Lawrence Cherono won the Boston Marathon on his debut after a thrilling sprint to the tape with two-time winner Lelisa Delisa.
The Kenyan finished in 2:07:57, .02 of a second faster than Delisa to prevent an Ethiopian clean sweep, his countryman Kenneth Kipkemoi came in third (2:08:07).
“This is something amazing but it was not easy.” - Lawrence Cherono
Worknesh Degefa took the women's elite race to make it another dream debut becoming the eight Ethiopian woman to wear the Boston crown.
Kenya's Edna Kiplagat, the 2017 champion, (2:24:13) and American Jordan Hasay (2:25:20) completed the podium. Defending champ Des Linden (USA) was fifth (2:27:00).
The 28-year-old Degefa fell to her knees and kissed the Bostonian ground after her victory.
She took the lead with 32km to go and never looked back.
“My coach said, you can push, you have good speed, When you feel comfortable JUST GO.” - Worknesh Defega
Cherono, Desisa and Kipkemoi broke away after 38km heading shoulder-to-shoulder into the final km. They stayed together until about 250m from the finish when Cherono and Denisa made it a two-man race.
Thanks to a last-second kick the 30-year-old, a winner of six marathons, edged Desisa. It was the closest finish in the men's race since 1988.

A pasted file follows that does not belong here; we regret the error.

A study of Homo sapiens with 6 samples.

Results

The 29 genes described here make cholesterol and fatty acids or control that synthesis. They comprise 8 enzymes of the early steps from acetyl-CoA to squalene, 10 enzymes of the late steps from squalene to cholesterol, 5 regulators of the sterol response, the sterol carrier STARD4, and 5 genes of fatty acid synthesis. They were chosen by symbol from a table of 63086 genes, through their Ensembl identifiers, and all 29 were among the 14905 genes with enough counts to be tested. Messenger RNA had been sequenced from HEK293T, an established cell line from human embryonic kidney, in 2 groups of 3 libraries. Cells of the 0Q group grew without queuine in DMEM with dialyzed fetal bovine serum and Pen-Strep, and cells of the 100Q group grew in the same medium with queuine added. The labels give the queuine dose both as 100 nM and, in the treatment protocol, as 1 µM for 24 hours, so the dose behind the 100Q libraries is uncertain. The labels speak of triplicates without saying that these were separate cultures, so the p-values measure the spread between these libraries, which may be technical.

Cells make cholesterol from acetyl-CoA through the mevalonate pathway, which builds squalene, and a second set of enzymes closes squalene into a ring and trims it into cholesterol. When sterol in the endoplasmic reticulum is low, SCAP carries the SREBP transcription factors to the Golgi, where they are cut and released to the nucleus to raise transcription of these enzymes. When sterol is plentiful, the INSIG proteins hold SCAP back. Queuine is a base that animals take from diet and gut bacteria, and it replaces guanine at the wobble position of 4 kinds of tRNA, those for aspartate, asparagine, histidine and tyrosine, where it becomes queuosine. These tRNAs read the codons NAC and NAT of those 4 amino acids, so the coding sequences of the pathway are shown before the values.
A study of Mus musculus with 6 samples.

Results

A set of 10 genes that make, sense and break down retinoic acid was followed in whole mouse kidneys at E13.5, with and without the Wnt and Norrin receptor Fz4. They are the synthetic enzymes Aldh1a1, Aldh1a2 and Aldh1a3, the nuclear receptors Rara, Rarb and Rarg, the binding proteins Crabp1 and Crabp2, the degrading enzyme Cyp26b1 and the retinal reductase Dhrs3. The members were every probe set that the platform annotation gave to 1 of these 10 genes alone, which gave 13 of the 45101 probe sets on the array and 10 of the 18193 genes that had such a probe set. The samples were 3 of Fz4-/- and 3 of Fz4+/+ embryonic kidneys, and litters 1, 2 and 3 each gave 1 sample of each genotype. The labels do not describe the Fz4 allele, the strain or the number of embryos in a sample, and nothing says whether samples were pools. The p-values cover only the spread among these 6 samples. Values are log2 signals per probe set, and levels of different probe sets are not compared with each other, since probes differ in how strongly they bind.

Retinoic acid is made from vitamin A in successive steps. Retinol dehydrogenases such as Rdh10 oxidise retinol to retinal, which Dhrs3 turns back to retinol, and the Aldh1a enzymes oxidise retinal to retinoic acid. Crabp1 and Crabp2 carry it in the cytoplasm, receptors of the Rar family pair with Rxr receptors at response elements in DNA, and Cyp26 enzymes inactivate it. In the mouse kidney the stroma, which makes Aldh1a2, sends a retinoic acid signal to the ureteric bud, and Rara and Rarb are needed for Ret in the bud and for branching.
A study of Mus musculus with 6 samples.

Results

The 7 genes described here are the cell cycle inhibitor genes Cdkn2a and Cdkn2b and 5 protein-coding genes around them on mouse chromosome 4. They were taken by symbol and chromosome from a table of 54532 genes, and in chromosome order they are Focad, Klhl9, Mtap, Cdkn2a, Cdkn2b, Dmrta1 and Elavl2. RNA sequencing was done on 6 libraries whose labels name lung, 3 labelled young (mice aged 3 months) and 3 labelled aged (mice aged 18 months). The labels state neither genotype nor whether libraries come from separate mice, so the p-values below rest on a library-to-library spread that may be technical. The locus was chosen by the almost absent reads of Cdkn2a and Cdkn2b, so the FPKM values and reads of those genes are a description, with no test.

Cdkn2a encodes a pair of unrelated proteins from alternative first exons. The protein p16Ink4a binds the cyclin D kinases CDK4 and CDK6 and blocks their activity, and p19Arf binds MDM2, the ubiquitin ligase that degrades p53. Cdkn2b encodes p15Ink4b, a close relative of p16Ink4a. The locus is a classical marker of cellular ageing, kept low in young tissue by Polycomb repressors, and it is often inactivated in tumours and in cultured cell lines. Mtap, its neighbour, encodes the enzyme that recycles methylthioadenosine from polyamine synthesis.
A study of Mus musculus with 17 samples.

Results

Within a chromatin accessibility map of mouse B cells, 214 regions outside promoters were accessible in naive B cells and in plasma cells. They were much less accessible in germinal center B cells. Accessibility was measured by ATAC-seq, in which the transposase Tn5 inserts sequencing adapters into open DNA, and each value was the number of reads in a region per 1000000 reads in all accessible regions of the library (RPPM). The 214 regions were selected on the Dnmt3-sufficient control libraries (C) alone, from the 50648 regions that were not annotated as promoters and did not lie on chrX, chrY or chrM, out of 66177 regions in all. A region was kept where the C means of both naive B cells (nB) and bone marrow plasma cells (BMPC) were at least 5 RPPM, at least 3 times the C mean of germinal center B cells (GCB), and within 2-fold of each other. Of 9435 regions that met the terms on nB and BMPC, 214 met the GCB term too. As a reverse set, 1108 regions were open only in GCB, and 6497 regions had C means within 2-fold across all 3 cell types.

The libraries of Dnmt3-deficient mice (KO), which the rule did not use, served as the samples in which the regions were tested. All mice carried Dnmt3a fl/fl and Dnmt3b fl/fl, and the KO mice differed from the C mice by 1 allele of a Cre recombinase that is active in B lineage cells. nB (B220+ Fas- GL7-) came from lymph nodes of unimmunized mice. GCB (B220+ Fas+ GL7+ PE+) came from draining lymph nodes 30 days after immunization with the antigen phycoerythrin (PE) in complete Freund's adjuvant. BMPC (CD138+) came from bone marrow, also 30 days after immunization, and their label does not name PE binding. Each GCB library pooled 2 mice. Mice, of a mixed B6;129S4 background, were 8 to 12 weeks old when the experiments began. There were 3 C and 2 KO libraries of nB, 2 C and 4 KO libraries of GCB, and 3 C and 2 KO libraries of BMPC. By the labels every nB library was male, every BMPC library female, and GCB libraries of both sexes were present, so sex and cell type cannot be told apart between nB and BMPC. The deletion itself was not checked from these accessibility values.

"I was so focused, because I had never won a major marathon. I was so determined to win," said Cherono.
2018 winner Yuki Kawauchi (Japan) ended up in 17th place (2:15:29).
In a class of her own
Degefa was known as a half marathon specialist before the race but laid that to rest very quickly.
The 28-year-old led by more than three minutes at halfway point before celebrating her first major marathon victory. Degefa had won the Dubai marathon in 2017 where she set an Ethiopian record.
The day started off with rainy conditions but the weather eventually brightened up, favouring the frontrunners.
USA wins first race of the day
US Paralympic wheelchair racer Daniel Romanchuk took the first title of the day winning the push-rim wheelchair event on Monday morning.
The 20-year-old Illinois native became the youngest winner ever, finishing in 1:21:36.
Schar takes top spot
Switzerland's Manuela Schar won the women's event, thwarting Tatyana McFadden’s bid to defend her title.
34-year-old Schar has won three Paralympic medals and reclaimed the Boston crown which she won in 2017.